OCSL's chairman says the HP partner has found that its competitive landscape is changing as it moves deeper into services
As part of our Top VARs 2016 report, we catch up with Martin Hess, who recently joined as chairman of OCSL, which ranked 38th in the list with revenues of £79.8m
Many people will know you from your time at HP. What was your view of OCSL before you joined in March?
What I liked was that they were already embarking on the transformation of the business from being hardware-centric to being services-centric. I've just helped to crystallise some of the thinking, particularly around cloud. The strategy is clear and now it's about making sure we can scale it.
What is the product versus services split for OCSL?
It's about 60-40 but next year I think it will be about 55 to 45. The percentage isn't changing as quickly as we thought it would because the hardware business is holding up slightly better than we expected.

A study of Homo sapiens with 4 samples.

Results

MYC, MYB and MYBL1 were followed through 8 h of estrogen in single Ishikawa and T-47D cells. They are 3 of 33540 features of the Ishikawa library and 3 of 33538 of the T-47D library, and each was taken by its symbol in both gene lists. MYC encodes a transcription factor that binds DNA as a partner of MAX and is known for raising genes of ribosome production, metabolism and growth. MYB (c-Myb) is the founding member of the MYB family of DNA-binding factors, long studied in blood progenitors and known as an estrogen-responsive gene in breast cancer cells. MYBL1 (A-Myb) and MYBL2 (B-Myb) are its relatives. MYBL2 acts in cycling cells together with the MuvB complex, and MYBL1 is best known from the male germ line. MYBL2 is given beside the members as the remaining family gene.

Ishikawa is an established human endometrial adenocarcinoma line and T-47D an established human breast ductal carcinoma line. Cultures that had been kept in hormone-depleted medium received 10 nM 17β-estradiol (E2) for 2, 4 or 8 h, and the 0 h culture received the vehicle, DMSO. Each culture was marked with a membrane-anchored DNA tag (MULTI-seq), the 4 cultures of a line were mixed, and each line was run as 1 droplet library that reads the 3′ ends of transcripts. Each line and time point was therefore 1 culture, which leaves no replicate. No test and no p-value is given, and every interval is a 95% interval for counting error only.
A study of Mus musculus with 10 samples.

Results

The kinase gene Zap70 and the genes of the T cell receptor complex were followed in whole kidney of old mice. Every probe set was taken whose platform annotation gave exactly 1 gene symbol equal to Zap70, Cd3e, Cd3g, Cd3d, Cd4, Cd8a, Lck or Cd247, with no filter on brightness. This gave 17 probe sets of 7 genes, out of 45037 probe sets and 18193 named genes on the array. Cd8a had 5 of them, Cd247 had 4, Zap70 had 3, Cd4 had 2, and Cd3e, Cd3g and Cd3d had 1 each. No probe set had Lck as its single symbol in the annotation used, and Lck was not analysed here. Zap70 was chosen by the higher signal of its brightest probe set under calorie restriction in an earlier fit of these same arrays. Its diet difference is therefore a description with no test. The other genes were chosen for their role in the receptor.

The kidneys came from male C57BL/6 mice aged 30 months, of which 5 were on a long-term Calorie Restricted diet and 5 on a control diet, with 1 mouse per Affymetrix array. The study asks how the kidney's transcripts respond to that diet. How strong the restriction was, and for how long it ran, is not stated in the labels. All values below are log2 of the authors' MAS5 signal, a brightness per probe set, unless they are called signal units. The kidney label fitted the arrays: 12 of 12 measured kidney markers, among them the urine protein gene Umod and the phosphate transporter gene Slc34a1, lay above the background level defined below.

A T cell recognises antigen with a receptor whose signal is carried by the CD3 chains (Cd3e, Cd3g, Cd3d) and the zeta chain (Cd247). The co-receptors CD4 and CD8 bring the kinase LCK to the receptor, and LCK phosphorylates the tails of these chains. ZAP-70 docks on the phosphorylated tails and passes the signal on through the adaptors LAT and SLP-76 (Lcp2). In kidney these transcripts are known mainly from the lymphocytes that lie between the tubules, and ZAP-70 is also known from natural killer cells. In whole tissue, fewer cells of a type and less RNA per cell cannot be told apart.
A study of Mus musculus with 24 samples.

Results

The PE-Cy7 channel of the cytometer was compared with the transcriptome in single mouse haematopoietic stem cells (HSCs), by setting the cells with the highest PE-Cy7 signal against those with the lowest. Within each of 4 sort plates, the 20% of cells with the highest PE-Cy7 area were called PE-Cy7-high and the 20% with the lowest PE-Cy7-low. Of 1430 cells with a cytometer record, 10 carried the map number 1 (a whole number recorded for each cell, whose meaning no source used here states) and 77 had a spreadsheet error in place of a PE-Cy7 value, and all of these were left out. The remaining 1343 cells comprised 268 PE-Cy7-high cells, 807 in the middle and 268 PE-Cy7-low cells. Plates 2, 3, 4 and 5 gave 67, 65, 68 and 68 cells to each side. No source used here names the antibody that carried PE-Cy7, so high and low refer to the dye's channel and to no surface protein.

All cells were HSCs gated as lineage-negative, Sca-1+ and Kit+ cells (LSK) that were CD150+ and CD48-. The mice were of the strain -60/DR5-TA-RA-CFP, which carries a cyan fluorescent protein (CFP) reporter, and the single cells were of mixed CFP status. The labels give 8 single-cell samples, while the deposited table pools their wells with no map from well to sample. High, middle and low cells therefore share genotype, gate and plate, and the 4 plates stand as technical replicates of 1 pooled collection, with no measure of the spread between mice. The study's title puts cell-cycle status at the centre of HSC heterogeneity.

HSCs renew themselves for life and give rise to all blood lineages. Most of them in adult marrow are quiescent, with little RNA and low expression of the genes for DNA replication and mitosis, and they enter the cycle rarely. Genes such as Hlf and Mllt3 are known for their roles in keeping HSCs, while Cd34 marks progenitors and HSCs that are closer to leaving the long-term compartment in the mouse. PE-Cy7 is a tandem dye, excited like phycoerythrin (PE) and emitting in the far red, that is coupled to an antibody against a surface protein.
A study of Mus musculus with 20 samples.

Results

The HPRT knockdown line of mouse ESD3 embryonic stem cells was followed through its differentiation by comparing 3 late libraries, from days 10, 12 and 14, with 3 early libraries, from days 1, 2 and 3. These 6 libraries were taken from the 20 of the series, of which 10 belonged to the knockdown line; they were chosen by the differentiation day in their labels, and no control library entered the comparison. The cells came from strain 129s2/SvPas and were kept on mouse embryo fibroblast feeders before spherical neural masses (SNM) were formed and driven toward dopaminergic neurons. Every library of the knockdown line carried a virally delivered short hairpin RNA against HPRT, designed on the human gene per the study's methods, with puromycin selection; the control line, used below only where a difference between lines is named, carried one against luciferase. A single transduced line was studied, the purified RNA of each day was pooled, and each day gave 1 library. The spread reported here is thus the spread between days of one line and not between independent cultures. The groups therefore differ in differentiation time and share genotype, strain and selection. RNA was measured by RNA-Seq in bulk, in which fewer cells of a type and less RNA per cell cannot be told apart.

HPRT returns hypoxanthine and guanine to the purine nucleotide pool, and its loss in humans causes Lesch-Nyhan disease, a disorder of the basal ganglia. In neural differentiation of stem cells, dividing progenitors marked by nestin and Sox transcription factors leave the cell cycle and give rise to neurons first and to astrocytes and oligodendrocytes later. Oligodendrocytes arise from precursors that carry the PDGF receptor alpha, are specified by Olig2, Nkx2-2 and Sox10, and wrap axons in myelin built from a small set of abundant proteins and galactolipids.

What's in store for OCSL?
I think we are going to become a bigger player in cloud and will get a stronger reputation around Azure. There are customers starting on their journey to cloud so I would expect us to win a lot more business there. We are also going a bit more multi-vendor on the hardware, although HP will still be our bedrock.
Is your competitive landscape changing?
Yes, inevitably. In some areas we are starting to compete against the big boys in managed services but we will also be up against the Avanades of this world as we start competing more in the Microsoft space.
We have won some really chunky deals so we'll go into next year with a backlog that is twice the size of the business we booked this year.
Are you comfortable with being described as a ‘VAR'?
I don't describe us as a VAR any more. Traditionally, OCSL was defined by its relationship with HP but we're beyond that, and we need to tell the world we stand for something different. If you need to call us a VAR because [the industry] hasn't come up with a better name, that doesn't bother me.